Cognitive-Behavioral Therapy for OCD in Children and Teenagers
Aureen Pinto Wagner, Ph.D.
Since the 1990’s, scientific studies have repeatedly shown that OCD in children can be successfully and safely treated with cognitive-behavioral therapy (CBT)—specifically, exposure and response prevention (ERP). CBT has a 65- to 80-percent success rate with youngsters, similar to the success rate with adults.
CBT is based on the premise that OCD is maintained and exacerbated because rituals and avoidance provide relief from anxiety. For instance, when 8 year-old Casey touches crayons, he worries about poison. He quickly washes his hands and then feels much better. Casey soon learns that washing his hands lessens his anxiety. However, Casey’s OCD is worsened by washing his hands because it prevents him from learning that his obsessions are unrealistic, and that his anxiety will subside naturally.
ERP teaches youngsters with OCD to face their fears to test their reality while refraining from rituals. It helps them realize that their obsessive fears do not come true and that the anxiety they experience subsides as a result of autonomic habituation. ERP for Casey would involve having him face his fear that the crayons are “poisonous” by touching them and not washing his hands afterwards.
CBT is widely considered the treatment of choice for children with OCD. However, it is estimated that the majority of children and adolescents with OCD do not receive CBT, due to the limited number of clinicians with expertise in CBT for OCD with youngsters. Therapists who treat youngsters with OCD must understand the unique needs and cognitive capabilities of children. Often, the therapist may be challenged by the child’s reluctance to engage in ERP because he thinks that facing his fears without performing rituals will simply be too scary and impossible. Children who are not properly prepared for how ERP works and what it entails are more likely to become ambivalent or afraid, withdraw from exposures, and refuse to practice.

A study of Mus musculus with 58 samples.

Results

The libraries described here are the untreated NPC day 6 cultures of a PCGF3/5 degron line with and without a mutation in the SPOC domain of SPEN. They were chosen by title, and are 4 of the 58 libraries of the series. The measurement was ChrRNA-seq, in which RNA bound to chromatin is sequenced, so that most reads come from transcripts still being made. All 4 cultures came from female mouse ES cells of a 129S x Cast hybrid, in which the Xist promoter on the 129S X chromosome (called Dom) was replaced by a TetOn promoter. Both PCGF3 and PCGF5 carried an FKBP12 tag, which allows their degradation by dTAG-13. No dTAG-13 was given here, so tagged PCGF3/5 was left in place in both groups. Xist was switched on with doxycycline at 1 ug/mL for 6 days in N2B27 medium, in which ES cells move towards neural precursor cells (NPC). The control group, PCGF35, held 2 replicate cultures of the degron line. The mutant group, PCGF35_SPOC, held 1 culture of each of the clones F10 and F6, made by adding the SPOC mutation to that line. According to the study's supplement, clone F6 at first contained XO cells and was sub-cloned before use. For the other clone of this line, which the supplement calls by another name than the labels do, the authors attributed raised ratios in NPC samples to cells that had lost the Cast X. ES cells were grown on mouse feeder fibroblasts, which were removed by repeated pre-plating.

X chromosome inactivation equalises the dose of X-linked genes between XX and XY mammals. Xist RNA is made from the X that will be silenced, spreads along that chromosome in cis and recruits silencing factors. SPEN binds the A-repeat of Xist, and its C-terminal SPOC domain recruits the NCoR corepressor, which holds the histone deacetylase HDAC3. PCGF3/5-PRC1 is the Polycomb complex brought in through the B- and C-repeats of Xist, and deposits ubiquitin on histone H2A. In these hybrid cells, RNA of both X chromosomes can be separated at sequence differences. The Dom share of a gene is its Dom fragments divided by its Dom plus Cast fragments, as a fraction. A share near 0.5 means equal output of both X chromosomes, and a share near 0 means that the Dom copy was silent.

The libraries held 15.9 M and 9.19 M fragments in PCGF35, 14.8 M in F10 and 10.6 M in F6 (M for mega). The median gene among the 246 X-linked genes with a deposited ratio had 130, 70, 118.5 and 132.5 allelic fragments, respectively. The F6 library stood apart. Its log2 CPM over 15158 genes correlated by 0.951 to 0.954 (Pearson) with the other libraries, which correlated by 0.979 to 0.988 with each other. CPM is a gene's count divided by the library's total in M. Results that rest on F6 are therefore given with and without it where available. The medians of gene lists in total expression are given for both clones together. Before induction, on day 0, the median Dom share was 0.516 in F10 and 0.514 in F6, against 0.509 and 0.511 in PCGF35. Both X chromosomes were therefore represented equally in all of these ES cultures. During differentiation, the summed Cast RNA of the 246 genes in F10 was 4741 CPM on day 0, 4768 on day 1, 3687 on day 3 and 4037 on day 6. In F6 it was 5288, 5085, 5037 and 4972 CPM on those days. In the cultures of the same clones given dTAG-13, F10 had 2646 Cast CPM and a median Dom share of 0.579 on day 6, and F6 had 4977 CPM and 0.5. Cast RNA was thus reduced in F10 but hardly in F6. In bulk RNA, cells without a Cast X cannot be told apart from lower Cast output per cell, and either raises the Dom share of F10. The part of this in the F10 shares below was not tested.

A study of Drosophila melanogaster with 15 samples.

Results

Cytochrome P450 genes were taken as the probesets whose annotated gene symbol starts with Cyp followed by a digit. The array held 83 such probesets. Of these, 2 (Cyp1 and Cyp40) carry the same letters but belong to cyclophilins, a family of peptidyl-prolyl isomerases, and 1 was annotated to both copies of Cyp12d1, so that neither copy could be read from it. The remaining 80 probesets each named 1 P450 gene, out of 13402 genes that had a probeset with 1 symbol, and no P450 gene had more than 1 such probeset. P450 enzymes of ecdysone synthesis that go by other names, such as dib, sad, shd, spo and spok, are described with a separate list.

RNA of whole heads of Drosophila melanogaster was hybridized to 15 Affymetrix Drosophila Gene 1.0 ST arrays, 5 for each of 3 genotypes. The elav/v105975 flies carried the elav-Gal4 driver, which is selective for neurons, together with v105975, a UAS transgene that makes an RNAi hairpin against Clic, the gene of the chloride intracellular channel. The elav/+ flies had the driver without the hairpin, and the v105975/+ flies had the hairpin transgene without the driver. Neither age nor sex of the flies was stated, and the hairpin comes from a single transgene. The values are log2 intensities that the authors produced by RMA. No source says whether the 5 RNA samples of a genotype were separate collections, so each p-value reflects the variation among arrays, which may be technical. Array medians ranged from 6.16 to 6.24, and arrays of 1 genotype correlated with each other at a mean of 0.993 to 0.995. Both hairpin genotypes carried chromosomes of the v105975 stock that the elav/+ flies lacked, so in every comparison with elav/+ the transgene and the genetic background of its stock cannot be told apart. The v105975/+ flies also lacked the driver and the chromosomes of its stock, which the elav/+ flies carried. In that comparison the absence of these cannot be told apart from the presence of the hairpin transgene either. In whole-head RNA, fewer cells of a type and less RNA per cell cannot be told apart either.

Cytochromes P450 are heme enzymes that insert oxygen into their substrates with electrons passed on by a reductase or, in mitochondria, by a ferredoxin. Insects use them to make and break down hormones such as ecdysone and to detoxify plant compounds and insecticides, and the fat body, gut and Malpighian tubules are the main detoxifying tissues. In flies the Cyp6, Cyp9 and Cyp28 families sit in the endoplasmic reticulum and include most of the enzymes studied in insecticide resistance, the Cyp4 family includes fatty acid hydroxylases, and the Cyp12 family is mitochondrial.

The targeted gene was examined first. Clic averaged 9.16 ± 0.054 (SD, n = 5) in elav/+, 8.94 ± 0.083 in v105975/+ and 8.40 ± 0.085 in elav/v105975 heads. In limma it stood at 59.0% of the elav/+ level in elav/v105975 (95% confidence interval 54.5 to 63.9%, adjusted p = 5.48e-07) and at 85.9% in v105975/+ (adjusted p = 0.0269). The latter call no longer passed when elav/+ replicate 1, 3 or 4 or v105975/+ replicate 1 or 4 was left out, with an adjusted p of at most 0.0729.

The therapist must find a way to help the child get past the discomfort of giving up rituals that seem to protect him against overwhelming fears. To do that, the CBT therapist must use a child-friendly approach that cultivates treatment readiness before rushing into ERP. An important part of treatment readiness is helping children and families understand how rituals and avoidance strengthen OCD, that OCD is overcome by confronting fears (exposure) to learn that they are false alarms, and experiencing habituation (getting used to the anxiety).
Metaphors, analogies and games can be useful in helping children understand these concepts. When youngsters understand how exposure and habituation work, they are more willing to tolerate the initial anxiety experienced during ERP, because they know it will increase and then subside. Active parent involvement in the child’s treatment is also important. CBT is a collaborative treatment, with therapist, parents and child working together as a team to overcome OCD.
A CBT treatment plan is designed to improve the overall well being of the child, not just his obsessions and compulsions. The child may need treatment to help rebuild social skills, improve self-esteem, family relationships and academic functioning. OCD symptoms should generally be treated first, unless other issues interfere with the treatment. For example, severe depression or family conflict may need to be treated before a child can engage in CBT.
If you are a licensed clinician and wish to receive training in CBT for OCD, learn more about the BTTI.